National Newspaper Publishers Association’s (NNPA) longtime partner General Motors joined Toyota in helping automakers set new ethnic diversity and inclusion standards in the United States.
Both automakers reflected best practices for ethnic diversity in five of six categories, according to the Rainbow PUSH/Citizenship Education Fund Automotive Project’s annual Automotive Diversity Scorecard.
“We have seen many automakers take big steps forward with their diversity programs as they have come to see the value of diversity and inclusion programs truly,” said the Rev. Jesse L. Jackson Sr., the founder and president of Rainbow PUSH Coalition.
The scorecard provides a snapshot of each automaker’s success at building and sustaining ethnic diversity and inclusion, primarily focusing on people of color.
Jackson developed the scorecard in 2012.
The six areas under consideration are employment, advertising, marketing, procurement, dealers, and philanthropy.
The automakers earn red, yellow, or green grades, depending upon how well each performed in the six categories above.
A company earns a green grade when they’ve met the best practices for ethnic diversity.
Yellow grades signal some indication of diversity goals, initiatives, and accountability.
A red grade is essentially a failure, meaning an automaker’s diversity “initiatives and investments were non-existent, not disclosed, or did not provide enough relevant information for scoring.”
For the first time during the decade the scorecard’s been issued, no automakers received a red grade.
“We’ve made some progress over the last 12 months,” said NNPA President and CEO Benjamin F. Chavis Jr. “But one of the things we learn from our history is that when you make progress, you must continue, or else you will slide back. So we join this coalition and the Global Automotive Summit in saying to all the auto industry that we want to make more progress.”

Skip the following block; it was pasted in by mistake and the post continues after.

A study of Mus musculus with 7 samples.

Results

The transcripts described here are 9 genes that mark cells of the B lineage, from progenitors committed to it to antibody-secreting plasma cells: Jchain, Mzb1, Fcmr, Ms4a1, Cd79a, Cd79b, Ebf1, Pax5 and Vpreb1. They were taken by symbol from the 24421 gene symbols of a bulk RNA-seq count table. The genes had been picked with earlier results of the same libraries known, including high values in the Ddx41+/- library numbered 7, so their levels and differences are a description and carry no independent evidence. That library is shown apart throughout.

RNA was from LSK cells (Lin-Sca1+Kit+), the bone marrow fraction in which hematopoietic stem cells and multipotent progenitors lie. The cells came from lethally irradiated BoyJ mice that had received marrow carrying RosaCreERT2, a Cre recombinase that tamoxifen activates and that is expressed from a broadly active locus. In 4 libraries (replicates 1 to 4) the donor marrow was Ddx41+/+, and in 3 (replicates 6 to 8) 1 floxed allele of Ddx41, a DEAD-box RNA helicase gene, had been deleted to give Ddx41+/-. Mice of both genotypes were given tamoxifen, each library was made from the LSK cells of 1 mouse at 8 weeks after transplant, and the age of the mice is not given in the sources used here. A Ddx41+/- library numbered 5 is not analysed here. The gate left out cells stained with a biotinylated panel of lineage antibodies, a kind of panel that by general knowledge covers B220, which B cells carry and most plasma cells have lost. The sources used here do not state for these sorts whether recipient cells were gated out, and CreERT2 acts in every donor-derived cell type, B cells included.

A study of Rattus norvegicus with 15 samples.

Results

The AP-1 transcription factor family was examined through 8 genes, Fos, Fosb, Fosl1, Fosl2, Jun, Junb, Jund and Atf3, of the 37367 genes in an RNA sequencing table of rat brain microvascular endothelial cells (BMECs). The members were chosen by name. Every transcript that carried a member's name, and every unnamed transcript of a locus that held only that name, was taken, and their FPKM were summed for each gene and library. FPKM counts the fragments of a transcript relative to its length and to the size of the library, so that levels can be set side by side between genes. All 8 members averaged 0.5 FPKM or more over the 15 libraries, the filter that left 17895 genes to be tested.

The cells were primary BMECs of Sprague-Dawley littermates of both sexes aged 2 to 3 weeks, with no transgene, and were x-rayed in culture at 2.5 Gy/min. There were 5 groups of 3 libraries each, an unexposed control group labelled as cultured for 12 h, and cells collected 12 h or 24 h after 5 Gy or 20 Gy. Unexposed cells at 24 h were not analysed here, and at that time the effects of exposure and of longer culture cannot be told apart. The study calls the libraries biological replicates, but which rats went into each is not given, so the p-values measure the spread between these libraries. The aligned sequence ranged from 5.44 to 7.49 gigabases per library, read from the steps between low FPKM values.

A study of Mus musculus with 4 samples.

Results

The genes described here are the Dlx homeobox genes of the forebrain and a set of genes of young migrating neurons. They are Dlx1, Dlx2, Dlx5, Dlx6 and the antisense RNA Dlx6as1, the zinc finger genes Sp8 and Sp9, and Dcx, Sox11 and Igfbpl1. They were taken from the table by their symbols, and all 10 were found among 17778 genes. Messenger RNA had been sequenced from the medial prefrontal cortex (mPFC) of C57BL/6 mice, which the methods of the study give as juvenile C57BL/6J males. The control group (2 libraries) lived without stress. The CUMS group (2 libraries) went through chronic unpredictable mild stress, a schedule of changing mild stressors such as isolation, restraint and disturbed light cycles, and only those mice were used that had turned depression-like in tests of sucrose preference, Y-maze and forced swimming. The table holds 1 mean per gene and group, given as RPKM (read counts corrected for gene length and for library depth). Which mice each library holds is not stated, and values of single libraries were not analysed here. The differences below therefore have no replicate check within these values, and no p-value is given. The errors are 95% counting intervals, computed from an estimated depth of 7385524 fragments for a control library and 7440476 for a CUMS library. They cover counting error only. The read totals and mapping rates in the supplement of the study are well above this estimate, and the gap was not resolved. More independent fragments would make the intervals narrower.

GM and Toyota received green grades in five areas and a single yellow grade in the sixth. GM earned its yellow grade in employment efforts, while Toyota’s was in the dealer network.
However, GM and Toyota scored the highest among the 12 automakers surveyed this year.
BMW, Mercedes-Benz, and Volkswagen scored the lowest, with yellow grades across the board. Between the high and low marks, Ford, Stellantis, Honda, Nissan, Hyundai, Subaru, and Kia earned between four and one green grade.
“We cannot afford to be complacent — our work is far from being done,” Jackson said. “The automotive industry and the communities it serves would benefit from having more Blacks in the C-suites and as owners of dealerships. In addition, our advertising agencies need larger budgets, and, of course, we need to make sure minorities play a meaningful role in the emerging electric vehicle supply chain.”
Chavis noted a connection between the auto industry, its success, and the African American community and young people.
“We present not just the past but the present and the future,” Chavis said.
Telva McGruder, GM’s chief diversity equity and inclusion officer, said the company stands proud because of its progress.
“We recognize that we are in the heart of our journey and continue to drive robust DEI connection through our business actions,” McGruder said. “GM’s commitment to diverse-owned businesses and communities at large remains central to our overall strategy and ongoing investments.”